According to a May 6, 2011 press release, the Bureau of Labor Statistics reports that the teen unemployment rate in the U.S. is 24 percent. Summer jobs that many teens have become accustomed to taking are dwindling or becoming nonexistent. So, what can we do to get our teens working this summer? Instead of helping your teen find a summer job, help them create one.
1) Tutoring – If your teen is skilled in academics, they can offer their knowledge to grade school, middle school, or high school kids during their three month hiatus. Posting flyers, placing ads on Craigslist, and offering referral discounts will help spread the word about their tutoring business. And if your teen really likes tutoring, it doesn’t have to end just because summer does. He can continue to offer his tutoring services — and make money — year round.
2) Crafting business – Just ask Maddie Bradshaw if a teen can start, nurture, and grow a successful crafted goods business. Maddie started the M3 Girl Designs and Snap Cap jewelry business when she was just 10 years old. Selling 50,000 units a month and embarking on a second jewelry line, Spark of Life, Maddie’s a model teenpreneur. Websites such as Meylah and Etsy let you sell to the world instead of only around the neighborhood.
3) Pet care – Does your teen have a soft spot for animals? Is she especially responsible and caring towards the family pet? A pet care business can include a menu of services such as pet sitting, pet walking, pet training, and pet grooming.
4) Lawn care – A lawn care business is great because it offers teen entrepreneurs growth potential. They can start off small, offering only lawn cutting services. Once they land a few clients, they can add other services such as trimming hedges, weeding, and applying mulch. To expand further, teenpreneurs can offer specialized lawn maintenance services like fertilization and insect prevention. In the fall, busy homeowners might welcome help with raking their leaves, and winter can bring snow shoveling opportunities.
5) Web services – Does your teen spend long hours on the computer? If so, then encourage him to do something useful with his passion for technology. For instance, he could offer services such as web or graphic design, or even help other businesses with social media marketing.
6) Personal assistant services – Personal assistants help with basic chores and errands like grocery shopping, post office treks, dry cleaning trips, and a host of other things. Really, the sky’s the limit in terms of the number of things your teen entrepreneur can do as someone who gets paid just to help out.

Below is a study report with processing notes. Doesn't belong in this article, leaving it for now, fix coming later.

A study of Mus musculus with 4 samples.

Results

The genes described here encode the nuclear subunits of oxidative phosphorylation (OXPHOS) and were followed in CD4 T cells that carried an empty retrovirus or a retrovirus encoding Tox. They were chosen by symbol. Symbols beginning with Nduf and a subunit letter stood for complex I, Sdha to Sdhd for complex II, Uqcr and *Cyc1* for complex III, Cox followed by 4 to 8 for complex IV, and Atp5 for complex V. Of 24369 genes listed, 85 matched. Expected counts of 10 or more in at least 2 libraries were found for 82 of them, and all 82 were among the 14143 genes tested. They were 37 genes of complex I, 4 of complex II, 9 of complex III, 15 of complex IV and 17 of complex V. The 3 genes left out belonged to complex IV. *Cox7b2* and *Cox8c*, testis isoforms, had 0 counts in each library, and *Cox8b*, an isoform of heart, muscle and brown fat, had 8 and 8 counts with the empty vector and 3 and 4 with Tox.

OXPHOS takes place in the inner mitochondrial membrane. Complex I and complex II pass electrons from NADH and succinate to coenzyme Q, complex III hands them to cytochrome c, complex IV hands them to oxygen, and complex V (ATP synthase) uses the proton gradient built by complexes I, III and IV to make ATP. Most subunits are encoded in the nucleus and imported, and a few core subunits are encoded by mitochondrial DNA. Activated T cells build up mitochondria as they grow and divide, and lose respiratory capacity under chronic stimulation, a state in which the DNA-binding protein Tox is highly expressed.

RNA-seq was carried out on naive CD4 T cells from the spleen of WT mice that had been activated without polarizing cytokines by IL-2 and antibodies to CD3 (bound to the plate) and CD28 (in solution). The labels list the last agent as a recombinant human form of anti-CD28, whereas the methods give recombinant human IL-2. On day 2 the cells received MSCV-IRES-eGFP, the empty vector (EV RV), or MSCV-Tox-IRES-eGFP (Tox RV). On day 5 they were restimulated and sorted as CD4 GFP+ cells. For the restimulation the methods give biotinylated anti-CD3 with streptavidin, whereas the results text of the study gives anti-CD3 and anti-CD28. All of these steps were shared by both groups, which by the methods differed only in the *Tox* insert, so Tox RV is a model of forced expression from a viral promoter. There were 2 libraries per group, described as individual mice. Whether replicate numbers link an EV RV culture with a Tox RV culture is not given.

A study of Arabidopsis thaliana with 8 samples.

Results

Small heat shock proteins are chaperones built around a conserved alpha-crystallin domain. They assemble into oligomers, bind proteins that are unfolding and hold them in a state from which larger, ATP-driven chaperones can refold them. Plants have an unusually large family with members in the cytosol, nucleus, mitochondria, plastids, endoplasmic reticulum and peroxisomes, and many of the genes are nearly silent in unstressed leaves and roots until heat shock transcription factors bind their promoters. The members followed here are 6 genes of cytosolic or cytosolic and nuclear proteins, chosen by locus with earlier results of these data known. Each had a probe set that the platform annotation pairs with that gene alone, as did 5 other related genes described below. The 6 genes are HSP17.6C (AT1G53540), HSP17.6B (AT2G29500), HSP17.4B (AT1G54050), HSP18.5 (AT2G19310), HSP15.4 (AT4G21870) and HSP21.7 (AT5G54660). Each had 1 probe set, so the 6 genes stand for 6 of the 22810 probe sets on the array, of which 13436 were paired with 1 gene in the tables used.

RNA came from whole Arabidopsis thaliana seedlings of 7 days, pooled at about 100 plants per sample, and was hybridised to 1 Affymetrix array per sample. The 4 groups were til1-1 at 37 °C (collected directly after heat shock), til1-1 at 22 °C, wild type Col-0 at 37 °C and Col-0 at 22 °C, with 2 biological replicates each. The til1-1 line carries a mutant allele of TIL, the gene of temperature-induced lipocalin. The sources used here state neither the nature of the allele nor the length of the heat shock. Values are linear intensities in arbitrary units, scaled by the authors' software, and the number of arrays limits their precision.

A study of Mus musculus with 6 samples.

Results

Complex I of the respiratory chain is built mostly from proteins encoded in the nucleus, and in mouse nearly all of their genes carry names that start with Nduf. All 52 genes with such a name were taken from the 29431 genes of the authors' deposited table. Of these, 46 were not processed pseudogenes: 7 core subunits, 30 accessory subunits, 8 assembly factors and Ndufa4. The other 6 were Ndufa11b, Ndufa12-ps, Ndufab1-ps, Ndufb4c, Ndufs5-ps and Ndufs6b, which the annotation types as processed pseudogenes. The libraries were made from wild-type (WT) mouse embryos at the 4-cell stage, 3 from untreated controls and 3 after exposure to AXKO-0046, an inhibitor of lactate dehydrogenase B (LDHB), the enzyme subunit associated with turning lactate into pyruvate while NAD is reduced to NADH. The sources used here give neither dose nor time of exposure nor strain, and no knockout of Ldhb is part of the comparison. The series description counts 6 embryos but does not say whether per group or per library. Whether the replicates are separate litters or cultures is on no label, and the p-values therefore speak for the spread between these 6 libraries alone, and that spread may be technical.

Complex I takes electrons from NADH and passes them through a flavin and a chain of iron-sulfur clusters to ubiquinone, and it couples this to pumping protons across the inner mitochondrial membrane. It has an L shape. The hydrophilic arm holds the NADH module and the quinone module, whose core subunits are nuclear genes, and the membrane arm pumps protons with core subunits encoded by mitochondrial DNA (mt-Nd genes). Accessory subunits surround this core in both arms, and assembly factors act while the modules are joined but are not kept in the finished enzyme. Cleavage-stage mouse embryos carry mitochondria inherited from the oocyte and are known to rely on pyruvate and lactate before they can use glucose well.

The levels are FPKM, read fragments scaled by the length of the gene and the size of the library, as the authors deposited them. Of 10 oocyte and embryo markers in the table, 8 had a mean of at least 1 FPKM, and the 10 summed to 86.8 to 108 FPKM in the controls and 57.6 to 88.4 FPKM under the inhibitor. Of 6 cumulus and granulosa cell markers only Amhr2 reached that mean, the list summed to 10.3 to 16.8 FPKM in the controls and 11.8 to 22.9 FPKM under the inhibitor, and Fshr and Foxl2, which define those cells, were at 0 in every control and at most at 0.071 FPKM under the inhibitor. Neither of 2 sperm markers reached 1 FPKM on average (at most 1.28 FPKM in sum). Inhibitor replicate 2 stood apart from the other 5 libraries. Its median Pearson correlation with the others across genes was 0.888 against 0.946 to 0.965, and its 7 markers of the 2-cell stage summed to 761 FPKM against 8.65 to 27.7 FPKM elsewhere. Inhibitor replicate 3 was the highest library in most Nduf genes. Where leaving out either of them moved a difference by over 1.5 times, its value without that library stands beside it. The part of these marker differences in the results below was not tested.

7) Photography service – Summer is loaded with photography opportunities. High school graduation parties, reunions, baby showers, and wedding showers are just a few occasions where families want to capture memories. A few camera lessons can get your teen started (just make sure he keeps the prices down to reflect his experience level).
8) Car wash business – Everyone wants a clean car, especially in the summer. Like a lawn care business, a car wash business lends itself to expansion. Besides exterior washing, your teen can offer interior cleaning and car detailing. Check out the International Carwash Association (yes, it’s a real organization) for more information on how to start up a car wash business.
9) Care giving – Whether it’s a sitter for a baby or the elderly, caregivers are in high demand these days. Check out Care.com, where teens aged 17 and up can locally advertise their child care, special needs, housekeeping, or senior care services.
10) Moving service – More people move during the summer months than any time of the year. Even people that plan to move their belongings on their own without the assistance of a commercial moving company could use some help. Considering that commercial or local movers charge between $60 and $90 per hour, cash-strapped people may jump at the chance for help with moving their belongings or packing and unpacking boxes at a lower cost.
For additional teen business ideas, refer to the SBA Teen Business Link.
Information may be abridged and therefore incomplete. This document/information does not constitute, and should not be considered a substitute for, legal or financial advice. Each financial situation is different, the advice provided is intended to be general. Please contact your financial or legal advisors for information specific to your situation.